And yet, in other ways, H.Moser’s iconoclastic approach aligns perfectly with its storied past. With each new collection, the brand’s entrepreneurial spirit shows more and more. That, combined with a unique history (briefly: expelled by the Bolsheviks, reestablished in Switzerland, consolidated during the Quartz Crisis, reestablished again by Heinrich Moser’s great-grandson) lends a strong identity, a crucial element in today’s luxury collector landscape. The design language is individualistic, conceptual. Even a little sexy.
“When you work with a brand every day, you have no choice but to be polarizing as an independent,” says CEO Edouard Meylan.
For Geneva Watch Days 2020, the Moser language continues to evolve. Its latest introduction, the subtly integrated all-steel Streamliner Centre Seconds, gallantly follows in the footsteps of the self-winding Streamliner Flyback Chronograph, which debuted in January of this year. While the brand is perhaps best known for its pure modern aesthetics, the Streamliner’s integrated bracelet adds a luxurious tactile appeal, a quintessential component for a great steel sports watch. And, like many of Moser’s greatest hits, this timepiece focuses on the essential—the hours, minutes, and seconds—and eliminates the superfluous.
It’s functional, too. The 40mm steel cushion case is water-resistant to 12 ATM (roughly 120 meters), and without lugs, the bracelet is remarkably comfortable and form-fitting. This curvature becomes a defining feature of the Streamliner, the undulating links blending seamlessly with the cushion-shaped case, not unlike the segments of a lobster tail. The articulated links allow for the technically-complex construction of a super flexible bracelet; alternating brushed and polished surfaces, inspired by high-speed trains from the Twenties and Thirties, add to the overall uniformity. A slightly domed sapphire crystal and see-through case back emphasize the unusual shape of the watch itself.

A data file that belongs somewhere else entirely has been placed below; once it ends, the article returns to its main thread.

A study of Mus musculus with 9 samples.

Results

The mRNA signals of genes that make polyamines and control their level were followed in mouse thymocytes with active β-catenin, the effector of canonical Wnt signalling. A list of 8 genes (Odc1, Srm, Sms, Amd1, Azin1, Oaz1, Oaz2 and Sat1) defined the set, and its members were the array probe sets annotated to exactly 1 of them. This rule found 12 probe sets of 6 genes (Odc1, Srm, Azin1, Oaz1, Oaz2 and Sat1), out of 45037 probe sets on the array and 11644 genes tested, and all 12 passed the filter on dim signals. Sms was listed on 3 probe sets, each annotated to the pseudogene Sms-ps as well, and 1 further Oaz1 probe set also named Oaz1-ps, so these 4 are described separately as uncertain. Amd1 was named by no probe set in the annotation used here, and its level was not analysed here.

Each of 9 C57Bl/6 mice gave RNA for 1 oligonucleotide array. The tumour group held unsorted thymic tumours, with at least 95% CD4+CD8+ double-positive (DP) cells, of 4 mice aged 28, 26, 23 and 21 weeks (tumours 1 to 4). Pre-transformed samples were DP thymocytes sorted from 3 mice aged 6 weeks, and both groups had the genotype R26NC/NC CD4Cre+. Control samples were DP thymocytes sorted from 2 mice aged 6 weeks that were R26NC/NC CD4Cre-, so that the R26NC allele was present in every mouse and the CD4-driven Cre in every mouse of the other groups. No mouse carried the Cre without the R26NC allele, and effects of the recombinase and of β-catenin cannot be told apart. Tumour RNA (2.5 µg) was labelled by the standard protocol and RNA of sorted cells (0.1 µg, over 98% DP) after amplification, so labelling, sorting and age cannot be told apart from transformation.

Still, it might be the addition of a Matrix green fumé dial that makes this watch so distinctly Moser. The brilliant colorway picks up shades from olive green to red gold, the results more magical than manufactured. Distinguishing itself by way of outstanding readability, the 3D hands consist of two sections featuring Globlolight, a ceramic-based material containing incandescent SuperLuminova.
“The origin of the fumé dial came from one small collection. It was maybe 5% of our production, but it was unique to the brand,” says Meyland. “Being independent, it enabled us to differentiate ourselves.”
Inside, the watch features a 100% Swiss mechanical movement, designed and developed entirely in-house. The calibre features a regulating organ (balance and hairspring assembly) manufactured by Moser’s sister company, Precision Engineering AG. Visible through the sapphire crystal caseback, the HMC 200 Calibre, decorated with Moser double stripes, highlights a solid gold oscillating weight with a minimum power reserve of three days.
The Streamliner Flyback Chronograph took five years to develop; when it launched in January, H.Moser revealed it was only the first in a series. A stark departure from the rest of the collection, it’s clearly a solid foundation for iteration within an understated lineup. The addition of the Streamliner Centre Seconds is no less bold than its more formal counterparts, but remains unmistakably Moser. No small accomplishment.
“We need to know exactly what our clients will want, but I like to say we don’t want to do that,” Meylan says. “We need to do something that will surprise them.”
What’s next? Meylan isn’t dropping hints, so that’s anybody’s guess. But, if the Streamliner Centre Seconds is any indication, it’s sure to be an absolute stunner.